Buying a house is one of life's biggest purchasing decisions, and once you have decided on where to call home, the next step is to work out your finances before kickstarting the process to take out a home loan.
When shopping for loans, it is important that you choose the package that best fits your budget, as this will help to minimize the stress that the new financial commitment may bring. You should also be prepared to shift around priorities in your monthly expenditure.
Here are four tips to help home buyers in their decision making process.
Assess your financial position
With a recurring expense that is likely to last for a number of years, you need to have a clear picture of where you stand financially and how much you are able to set aside for monthly payments.
Make an inventory of your monthly finances, such as disposable income, savings, spending habits, as well as essential and discretionary costs. It could also include CPF (Central Provident Fund) money, or credit card bills.
Thereafter, think about how much you have and then decide on how much you should borrow.
In Singapore, a wide variety of home loan options and lenders are available, depending on the type of house they are looking to purchase.
Singaporeans who are buying Housing Development Board (HDB) flats may choose to either borrow money from the government through CPF--if eligible--or from banks. HDB flats are the island-state's public housing, and may only be bought by citizens and permanent residents.
An alternative for those ineligible for government loans and foreigners is bank lending.
Singapore is a major financial hub in Asia, and on top of the country's three banks--DBS (Development Bank of Singapore), UOB (United Overseas Bank) and OCBC (Oversea-Chinese Banking Corporation), many international banks have also set up shop on the island-state.
Foreign banks that offer home loans locally include UK-based HSBC (Hongkong and Shanghai Banking Corporation) and Standard Chartered Bank, Malaysia-based Maybank (Malayan Banking Berhad), RHB Bank (Rashid Hussein Bank) and CIMB Bank, US-based Citibank, as well as China-based Bank of China.
Compare different types of interest rates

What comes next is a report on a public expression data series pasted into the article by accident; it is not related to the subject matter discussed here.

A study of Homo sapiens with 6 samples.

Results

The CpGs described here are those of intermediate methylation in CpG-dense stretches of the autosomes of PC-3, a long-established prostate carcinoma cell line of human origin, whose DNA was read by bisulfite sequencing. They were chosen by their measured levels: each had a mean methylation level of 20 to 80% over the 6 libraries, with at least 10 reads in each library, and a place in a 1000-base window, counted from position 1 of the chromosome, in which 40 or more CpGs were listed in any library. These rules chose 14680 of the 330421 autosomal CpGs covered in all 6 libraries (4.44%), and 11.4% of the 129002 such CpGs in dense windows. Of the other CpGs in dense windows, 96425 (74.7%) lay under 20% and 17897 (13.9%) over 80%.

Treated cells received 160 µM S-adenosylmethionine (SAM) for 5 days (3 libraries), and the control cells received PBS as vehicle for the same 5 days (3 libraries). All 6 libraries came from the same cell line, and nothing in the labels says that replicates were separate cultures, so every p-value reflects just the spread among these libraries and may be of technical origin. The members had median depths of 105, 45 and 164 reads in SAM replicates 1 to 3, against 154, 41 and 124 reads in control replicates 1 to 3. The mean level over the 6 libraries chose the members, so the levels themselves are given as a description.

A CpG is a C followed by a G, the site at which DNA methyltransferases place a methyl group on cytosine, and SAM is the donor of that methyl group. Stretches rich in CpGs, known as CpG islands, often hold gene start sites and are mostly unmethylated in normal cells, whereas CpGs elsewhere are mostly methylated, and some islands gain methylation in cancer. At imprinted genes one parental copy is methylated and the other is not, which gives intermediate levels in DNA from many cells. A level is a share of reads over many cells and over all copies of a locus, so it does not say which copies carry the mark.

In Singapore, the interest rate on home loans offered by banks typically fall into either the fixed or floating category. Use home loan calculators to work out various repayment scenarios and determine the most suitable loan package. Scores of loan calculators are available online.
For fixed rate loans, interest rates are fixed and guaranteed for the first few years of the loan. Thereafter, the interest rate will be floated and be pegged to a reference rate, which will likely vary from bank to bank.
Examples of the benchmark rate used by lenders here include SIBOR (Singapore Inter Bank Offered Rate), Swap Offer Rate (SOR) and the CPF interest rate. SIBOR and SOR are determined by market forces.
On the other hand, the interest rates of floating rate--also known as variable or adjustable rate--loans are floated throughout the duration of the loan, and are also pegged to a reference rate.
There are, however, new products in the market that marry both the fixed and floating rates. An example is Maybank's Hybrid Home Loan, which was launch in April this year to tap the current low interbank rates, "features a 3M (three-month) SIBOR-pegged rate for the first year and fixed rates for the second and third year"", according to the Malaysian lender.
Home buyers should note that a lock-in period of between one and five years may be imposed by the banks.
Length of housing loan
Another factor to consider is the length of your loan term, which will determine the sum of interest on the loan, and in turn the total cost of your house.
Some borrowers prefer a longer repayment term as it lets them have a lower monthly payment. Home buyers should note that the longer you take to pay off your loan, the more interest you are likely to end up paying, and as such, increasing the total cost of the house.
A shorter repayment term would most likely result in a higher monthly payment, but the sum of interest you end up paying is less. Also, the total cost of the house is lower, compared to a longer term loan.